Given the date, the order effectively means that no firecrackers will be available for purchase before the festival.
The apex court had given its first order on November 11, 2016 banning the sale of firecrackers till further orders.
Experts, welcoming the apex court's order, cautioned that while firecrackers cause episodic spikes in levels of air pollutants, what is needed is a sustained focus on tackling the menace. "Diwali fireworks only compound the problem", Bhure Lal, chairman, Environment Pollution (Prevention and Control) Authority (EPCA) said.
The court said it wants to assess the difference to the air quality.
Delhi is considered to be the most polluted city in the world.
Bhagat also felt that banning fire-crackers on Diwali was like "banning Christmas trees on Christmas and goats on Bakr-Eid". The traders told the apex court that their licences were revived in pursuance of the apex court's order passed in September 12 and they procured firecrackers for sale during Diwali.
Why ban crackers only until Nov 1 and only in Delhi-NCR? Diwali falls on October 19 this year, and most of the wholesale and retail vendors of firecrackers had made big plans to sell their wares. He does not know how to dispose his cracker stockpile. Licences issued to shopkeepers were suspended.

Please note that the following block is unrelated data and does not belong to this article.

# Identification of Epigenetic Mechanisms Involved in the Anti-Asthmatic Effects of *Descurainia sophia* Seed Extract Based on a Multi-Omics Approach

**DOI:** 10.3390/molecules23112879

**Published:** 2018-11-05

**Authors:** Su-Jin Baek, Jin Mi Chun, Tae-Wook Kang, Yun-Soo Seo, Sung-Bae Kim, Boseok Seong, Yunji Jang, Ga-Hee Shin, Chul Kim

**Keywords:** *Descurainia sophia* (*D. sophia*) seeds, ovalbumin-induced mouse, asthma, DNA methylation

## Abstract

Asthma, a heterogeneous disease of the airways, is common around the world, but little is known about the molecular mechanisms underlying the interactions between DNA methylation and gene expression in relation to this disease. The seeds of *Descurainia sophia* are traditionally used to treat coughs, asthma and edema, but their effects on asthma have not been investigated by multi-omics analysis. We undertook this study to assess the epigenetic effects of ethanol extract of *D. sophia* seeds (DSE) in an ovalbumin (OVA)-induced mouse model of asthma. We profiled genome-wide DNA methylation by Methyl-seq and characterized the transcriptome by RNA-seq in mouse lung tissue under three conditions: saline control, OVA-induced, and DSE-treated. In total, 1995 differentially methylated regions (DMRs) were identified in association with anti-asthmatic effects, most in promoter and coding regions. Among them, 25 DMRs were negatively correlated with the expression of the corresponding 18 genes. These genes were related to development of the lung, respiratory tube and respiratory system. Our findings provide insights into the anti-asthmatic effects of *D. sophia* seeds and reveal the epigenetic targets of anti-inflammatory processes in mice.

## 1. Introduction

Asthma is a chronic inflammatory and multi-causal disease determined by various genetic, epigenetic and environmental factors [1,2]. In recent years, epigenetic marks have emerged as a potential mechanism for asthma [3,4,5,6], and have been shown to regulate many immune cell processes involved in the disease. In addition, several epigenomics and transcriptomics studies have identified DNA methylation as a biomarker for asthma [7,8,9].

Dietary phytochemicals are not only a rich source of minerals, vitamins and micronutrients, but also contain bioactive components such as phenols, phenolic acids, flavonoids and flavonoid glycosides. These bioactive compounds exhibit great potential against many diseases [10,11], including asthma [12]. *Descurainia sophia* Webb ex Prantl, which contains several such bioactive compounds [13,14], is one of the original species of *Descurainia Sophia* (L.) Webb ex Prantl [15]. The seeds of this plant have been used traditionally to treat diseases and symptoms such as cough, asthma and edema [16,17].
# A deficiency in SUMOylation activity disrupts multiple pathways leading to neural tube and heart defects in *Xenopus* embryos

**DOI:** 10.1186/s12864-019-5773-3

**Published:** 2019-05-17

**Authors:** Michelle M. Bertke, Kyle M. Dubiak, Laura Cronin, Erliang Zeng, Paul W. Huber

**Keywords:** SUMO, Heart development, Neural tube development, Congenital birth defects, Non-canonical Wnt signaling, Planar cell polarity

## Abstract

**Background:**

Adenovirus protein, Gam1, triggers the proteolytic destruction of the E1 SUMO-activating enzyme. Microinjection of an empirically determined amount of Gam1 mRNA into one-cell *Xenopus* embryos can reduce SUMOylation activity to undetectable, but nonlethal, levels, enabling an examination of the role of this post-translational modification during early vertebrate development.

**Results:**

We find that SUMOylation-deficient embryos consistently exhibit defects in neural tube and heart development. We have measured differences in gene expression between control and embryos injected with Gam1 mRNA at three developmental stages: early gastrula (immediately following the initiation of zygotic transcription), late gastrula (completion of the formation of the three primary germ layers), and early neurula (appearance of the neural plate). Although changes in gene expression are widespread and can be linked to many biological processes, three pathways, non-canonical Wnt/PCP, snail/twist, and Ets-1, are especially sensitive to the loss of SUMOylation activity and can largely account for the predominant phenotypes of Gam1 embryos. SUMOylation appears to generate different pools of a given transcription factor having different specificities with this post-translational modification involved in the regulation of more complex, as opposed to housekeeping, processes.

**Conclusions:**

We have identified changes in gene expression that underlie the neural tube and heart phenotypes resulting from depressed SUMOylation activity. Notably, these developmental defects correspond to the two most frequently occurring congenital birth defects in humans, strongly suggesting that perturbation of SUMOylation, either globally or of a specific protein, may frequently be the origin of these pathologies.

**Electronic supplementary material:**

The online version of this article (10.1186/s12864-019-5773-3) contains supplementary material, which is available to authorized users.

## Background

He asked whether people who support ban on Diwali crackers will also fight for ban on tradition of sacrificing animal on certain festivals like Bakr-Eid.
Pulkit Choudhury, an engineering student from Rajouri Garden, said, "My cousins from other cities will certainly get me crackers from their hometowns and we will celebrate here in Delhi". Will crackers start emitting oxygen after Nov 1? The ban was imposed in 2016 previous year and was lifted temporarily around 20 days back.
Supporting the ban on firecrackers, Indian cricket team all-rounder Yuvraj Singh took to his Twitter account and in a humble request said, "A honest request from my side to all of you coming from my heart that do not burn crackers this Diwali, please".